A Wachovia Shareholder's Personal Fraud Case Gets Whacked In Federal Court

December 28, 2011

John M. Rivers, Jr. owned 100,000 shares of  Wachovia Corporation stock.  Following the Great Recession, that wasn't exactly a great investment.  In fact, to put it bluntly, the shares of Wachovia got hammered.  Rivers opted to sue.

On October 1, 2009, Rivers filed a nearly 100-page Complaint in South Carolina state court citing fraud, negligent misrepresentation, breach of fiduciary duty, constructive fraud, breach of duties as corporate officers, gross negligence, and violation of the South Carolina Securities Act of 2005.  The Complaint named Wachovia Corporation (since acquired by Wells Fargo & Company) and four of its former officers, G. Kennedy Thompson, Robert K. Steel, Thomas J. Wurtz, and Donald K. Truslow.

Essentially, Rivers alleged that the Defendants misrepresented the financial health of Wachovia. As a consequence of the Defendants painting a rosier picture than Rivers believed had existed, he claimed to have been mislead into holding rather than selling his Wachovia shares.  As such, this was less about having incurred losses as a consequence of a sale of depreciated shares -- it was more about a diminution in value of shares that were not timely sold in reliance of allegedly misleading information.

SIDE BAR: Rivers alleged that the Defendants concealed problems growing out of Wachovia's 2006 acquisition of Golden West Financial Corporation, a California-based lender specializing in adjustable-rate mortgages ("ARM") . As the housing market began to weaken, Rivers alleged that the Defendants attempted to hide the true impact of this development by:

  • understating Wachovia's credit losses;
  • misrepresenting the riskiness of Wachovia's assets;  and
  • overstating the strength of Wachovia's balance sheet in press releases, SEC filings, shareholder conference calls, and other materials disseminated to shareholders.

Subprime Slime

Notwithstanding these alleged efforts to hide the worsening situation, Rivers asserted that by late 2007, the dam broke and word leaked out about Wachovia's dire financial condition. By the end of September 2008, as the Subprime Crisis worsened,  Wachovia's common stock fell from  $13.70 earlier that month and $56.65 in early 2007, to below $1.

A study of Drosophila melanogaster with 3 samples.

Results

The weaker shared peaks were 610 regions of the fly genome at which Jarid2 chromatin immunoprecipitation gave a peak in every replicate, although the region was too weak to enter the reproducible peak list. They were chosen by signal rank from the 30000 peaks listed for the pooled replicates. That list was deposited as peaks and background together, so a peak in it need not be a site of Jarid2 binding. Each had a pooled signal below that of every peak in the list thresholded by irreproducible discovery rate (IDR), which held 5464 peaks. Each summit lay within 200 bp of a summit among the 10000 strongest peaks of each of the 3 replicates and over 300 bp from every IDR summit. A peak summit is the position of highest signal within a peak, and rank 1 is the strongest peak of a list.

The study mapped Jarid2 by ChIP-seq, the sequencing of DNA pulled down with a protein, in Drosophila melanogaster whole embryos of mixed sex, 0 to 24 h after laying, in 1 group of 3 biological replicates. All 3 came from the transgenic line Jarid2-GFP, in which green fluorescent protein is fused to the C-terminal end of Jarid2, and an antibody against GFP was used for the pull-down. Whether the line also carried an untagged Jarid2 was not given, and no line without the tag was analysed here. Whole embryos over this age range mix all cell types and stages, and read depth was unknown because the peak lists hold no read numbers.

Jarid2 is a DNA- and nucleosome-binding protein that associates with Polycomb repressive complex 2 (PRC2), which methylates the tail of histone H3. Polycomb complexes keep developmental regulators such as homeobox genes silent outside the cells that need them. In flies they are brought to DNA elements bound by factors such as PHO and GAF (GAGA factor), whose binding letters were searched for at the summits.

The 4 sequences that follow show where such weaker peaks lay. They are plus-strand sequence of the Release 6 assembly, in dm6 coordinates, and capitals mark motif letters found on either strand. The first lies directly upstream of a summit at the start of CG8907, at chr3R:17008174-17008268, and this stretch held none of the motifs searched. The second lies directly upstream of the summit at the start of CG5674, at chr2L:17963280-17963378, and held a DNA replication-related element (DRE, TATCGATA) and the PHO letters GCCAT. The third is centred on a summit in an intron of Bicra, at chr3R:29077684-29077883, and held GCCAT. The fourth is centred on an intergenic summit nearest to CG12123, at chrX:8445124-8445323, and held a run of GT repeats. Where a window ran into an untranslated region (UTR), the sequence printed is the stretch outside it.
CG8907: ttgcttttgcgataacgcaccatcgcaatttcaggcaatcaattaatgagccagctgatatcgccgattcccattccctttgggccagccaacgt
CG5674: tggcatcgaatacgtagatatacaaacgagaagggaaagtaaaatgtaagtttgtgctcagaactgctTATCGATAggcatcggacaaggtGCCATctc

Federal Case

The Defendants prevailed on their position that because of diversity considerations, Rivers' case did not belong in a state court.  Once in federal district court, the Defendants moved to dismiss the Complaint on the basis that "neither North Carolina law nor South Carolina law permits direct shareholder claims for losses resulting solely from a fall in the value of stock."  The federal District Court agreed and dismissed the Complaint; thereafter, Rivers appealed to the Fourth Circuit. John M. Rivers, , Jr., Plaintiff-Appellant, v. Wachovia Corporation; Wells Fargo & Company; G. Kennedy Thompson; Donald K. Truslow; Thomas J. Wurtz; Robert K. Steel; Does 1 Through 25, Defendants-Appellees. ( US Court of Appeals, Fourth Circuit, No. 10-2222, December 22, 2011).

Fourth Circuit

The Fourth Circuit's Opinion explains that Rivers' attempt to recover individually for the decline in Wachovia's share price contravenes firmly settled corporate law governing derivative claims. The Court upheld the  well-established doctrine  that shareholders cannot pursue individual causes of action against third parties for wrongs or injuries to the corporation that result in the diminution or destruction of the value of their stock. In such situations, the proper remedy is for the shareholders to pursue derivative suits on behalf of the corporation. Such derivative suits ensure that all shareholders who are harmed by a decline in the value of the company's stock are protected, and not merely the one shareholder who would file a personal claim to the detriment of similarly situated shareholders.

Although there are exceptions to the derivative rule, they largely require a showing of some unique relationship between the suing shareholder and the corporation, or a unique damage sustained by that shareholder in contradistinction to other shareholders. Not finding that Rivers was party to a separate contract with the defendants that created distinct duties personal to him, or that he was individually subject to misleading inducements outside the officer-shareholder relationship, the Circuit Court found that he failed to advance a compelling exception.

The Fourth Circuit held because Rivers' claim was derivative of the injury suffered by Wachovia, his individual cause of action was properly dismissed by the District Court.  Pointedly, the Circuit Court held:

In the end, Rivers has failed to articulate principled limits on the claims he seeks to press. Limiting individual suits to those who intended to sell is no limit at all; virtually every shareholder considers selling his shares at various points in time and every investor who suffers substantial monetary losses will be tempted to recall a prior intent to sell. Rivers claims his injury is unique but the number of people who may step forward with a similar tale of inducement not to sell is nigh infinite. Decisions to buy, sell, or hold shares inevitably involve a degree of risk and uncertainty. It is all too common to look back and wish one had invested differently. Investment presupposes risk-it is not the role of courts to reverse the consequences of infelicitous decisions after the fact or to allow one investor to recover losses at the expense of fellow shareholders. To the extent a shareholder wishes to litigate this sort of monetary loss due to the misrepresentations of corporate executives, his remedy lies within the framework of the derivative suit on behalf of the corporation. Because Rivers pursued a very different route, his suit was properly dismissed, and the judgment is affirmed.